Vladimir was born in 1053, the son of Vsevolod I, grand duke of Kiev, and 'Irene' Maria Monomacha. His mother was the daughter of Emperor Constantine IX Monomachos, the origin of his epithet of Monomakh (Greek for 'Fighting in single combat' or 'One who fights alone'). Through his maternal grandmother's family, Vladimir was apparently a descendant of the Argyros and Skleros families of the Byzantine empire, and thus could have traced his bloodline to several other emperors such as Romanus I and Leo V. These Greek connections played an important role in his foreign affairs.
Eupraxia of Kiev, a half-sister of Vladimir, was the second wife of Emperor Heinrich IV, but divorced by him without progeny in 1093.
Vladimir was married at least twice, possibly three times. His first wife was Gytha of Wessex, daughter of Harold II, king of England, and Eadgyth Swannesha. They had at least five children of whom only Mstislav I, Vladimir's heir, would have progeny. By an unnamed second wife, believed to have been a Byzantine noblewoman, he had at least six children, of whom Youry Dolgoruki and Agafija Vladimirovna would have progeny. His daughter Jevfemija Vladimirovna, who would have progeny, probably came from this marriage, though some sources give her as from his first marriage. Some sources record that his third marriage was to a daughter of Aepa, Khan of the Polowcen, a clan belonging to the Kipchaks, a confederation of pastoralists and warriors of Turkic origin. However the Russian Primary Chronicle (an early history of Kievan Rus') identifies Aepa as father-in-law to Youry Dolgoruki from his second marriage, with Vladimir negotiating the marriage in the name of his son. Whether father and son married sisters or the identity of the intended groom was misidentified is unclear. In any event no progeny is recorded from Vladimir's third marriage.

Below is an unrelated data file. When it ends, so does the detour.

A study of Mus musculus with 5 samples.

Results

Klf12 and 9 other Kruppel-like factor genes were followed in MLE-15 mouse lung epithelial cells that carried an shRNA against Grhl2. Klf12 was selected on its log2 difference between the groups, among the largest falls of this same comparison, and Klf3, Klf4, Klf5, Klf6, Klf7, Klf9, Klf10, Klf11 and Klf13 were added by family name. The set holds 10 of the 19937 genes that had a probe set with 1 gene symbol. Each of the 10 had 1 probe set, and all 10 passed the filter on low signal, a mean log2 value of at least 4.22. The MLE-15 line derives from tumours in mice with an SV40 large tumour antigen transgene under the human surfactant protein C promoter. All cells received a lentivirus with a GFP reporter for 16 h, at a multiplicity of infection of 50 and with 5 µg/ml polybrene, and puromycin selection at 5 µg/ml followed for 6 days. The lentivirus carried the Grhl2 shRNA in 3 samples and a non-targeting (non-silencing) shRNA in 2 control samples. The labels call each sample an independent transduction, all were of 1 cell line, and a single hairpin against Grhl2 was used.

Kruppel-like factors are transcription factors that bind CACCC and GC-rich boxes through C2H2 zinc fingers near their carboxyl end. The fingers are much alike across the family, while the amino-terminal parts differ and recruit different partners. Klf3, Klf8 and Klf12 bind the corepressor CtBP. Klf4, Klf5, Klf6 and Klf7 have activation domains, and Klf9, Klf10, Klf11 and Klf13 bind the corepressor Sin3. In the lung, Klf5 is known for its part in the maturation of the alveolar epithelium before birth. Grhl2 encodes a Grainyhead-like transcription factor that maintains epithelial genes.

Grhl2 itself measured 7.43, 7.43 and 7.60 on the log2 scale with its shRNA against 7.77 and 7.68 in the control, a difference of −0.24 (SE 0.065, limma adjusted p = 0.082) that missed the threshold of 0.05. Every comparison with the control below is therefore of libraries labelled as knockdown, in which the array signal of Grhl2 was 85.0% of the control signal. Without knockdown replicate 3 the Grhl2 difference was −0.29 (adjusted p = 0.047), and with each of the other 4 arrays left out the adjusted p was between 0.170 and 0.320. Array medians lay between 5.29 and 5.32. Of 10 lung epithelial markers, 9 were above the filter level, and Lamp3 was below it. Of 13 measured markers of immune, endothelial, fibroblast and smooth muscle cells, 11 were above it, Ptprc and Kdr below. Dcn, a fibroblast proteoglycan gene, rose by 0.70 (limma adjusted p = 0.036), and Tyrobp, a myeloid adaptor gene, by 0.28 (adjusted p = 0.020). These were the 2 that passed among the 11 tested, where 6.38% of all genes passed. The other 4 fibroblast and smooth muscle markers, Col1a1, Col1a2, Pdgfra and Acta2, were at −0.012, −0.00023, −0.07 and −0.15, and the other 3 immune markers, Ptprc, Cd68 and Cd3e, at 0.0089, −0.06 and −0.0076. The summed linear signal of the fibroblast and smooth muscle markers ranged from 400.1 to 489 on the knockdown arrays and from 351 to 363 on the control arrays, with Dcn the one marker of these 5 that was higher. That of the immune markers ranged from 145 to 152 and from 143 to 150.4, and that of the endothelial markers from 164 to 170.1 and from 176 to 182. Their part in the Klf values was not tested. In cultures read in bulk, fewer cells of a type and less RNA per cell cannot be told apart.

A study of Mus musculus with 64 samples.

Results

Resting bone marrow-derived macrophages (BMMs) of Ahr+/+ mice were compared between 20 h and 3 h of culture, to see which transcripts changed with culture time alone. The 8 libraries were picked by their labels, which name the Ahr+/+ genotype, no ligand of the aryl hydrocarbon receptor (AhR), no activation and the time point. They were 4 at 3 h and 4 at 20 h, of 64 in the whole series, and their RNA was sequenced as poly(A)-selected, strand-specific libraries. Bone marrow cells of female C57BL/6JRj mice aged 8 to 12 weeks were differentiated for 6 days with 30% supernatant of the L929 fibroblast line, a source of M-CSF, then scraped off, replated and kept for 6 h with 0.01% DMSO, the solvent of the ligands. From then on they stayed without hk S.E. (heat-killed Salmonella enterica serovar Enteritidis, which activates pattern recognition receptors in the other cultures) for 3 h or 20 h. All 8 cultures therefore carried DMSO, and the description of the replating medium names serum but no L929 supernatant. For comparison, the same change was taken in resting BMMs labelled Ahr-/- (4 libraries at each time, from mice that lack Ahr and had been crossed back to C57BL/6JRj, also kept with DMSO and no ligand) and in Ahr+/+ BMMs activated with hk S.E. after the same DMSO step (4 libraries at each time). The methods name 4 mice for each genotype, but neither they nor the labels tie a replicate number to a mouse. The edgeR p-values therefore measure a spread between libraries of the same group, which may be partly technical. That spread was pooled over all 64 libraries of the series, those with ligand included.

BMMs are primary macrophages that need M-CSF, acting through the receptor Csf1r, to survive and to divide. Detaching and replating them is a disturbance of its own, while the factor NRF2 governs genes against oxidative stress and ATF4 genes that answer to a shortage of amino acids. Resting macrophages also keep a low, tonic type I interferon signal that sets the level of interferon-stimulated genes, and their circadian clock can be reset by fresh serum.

In his famous _Instruction_ (also known as _The Testament_) to his own children, Vladimir mentions that he conducted 83 military campaigns and 19 times made peace with the Polovtsi. At first he waged war against the Great Steppe jointly with his cousin Oleg, but after Vladimir was sent by his father to rule Chernigov and Oleg made peace with the Polovtsi to retake that city from him, they parted company. Since that time, Vladimir and Oleg were bitter enemies who would often engage in internecine wars. The enmity continued among their children and more distant posterity.
From 1094 his chief patrimony was the southern town of Pereyaslav, although he also controlled Rostov, Suzdal, and other northern provinces. In these lands he founded several towns, notably his namesake, Vladimir, the future capital of Russia. In order to unite the princes of Rus' in their struggle against the Great Steppe, Vladimir initiated three princely congresses, the most important being held at Lyubech in 1097 and Dolobsk in 1103.
When Sviatopold II died in 1113, the Kievan populace revolted and summoned Vladimir to the capital. The same year he entered Kiev to the great delight of the crowd and reigned there until his death in 1125. As may be seen from his _Instruction,_ he promulgated a number of reforms in order to allay the social tensions in the capital. These years saw the last flowering of Ancient Rus, which was torn apart ten years after his death.
Vladimir died on 19 May 1125, and is buried in the Saint Sophia Cathedral in Kiev. Succeeding generations often referred to his reign as the golden age of that city. Numerous legends are connected with Vladimir's name, including the transfer from Constantinople to Rus of such precious relics as the icon Theotokos of Vladimir (Our Lady of Vladimir) and the Vladimir/Muscovite crown called Monomakh's Cap.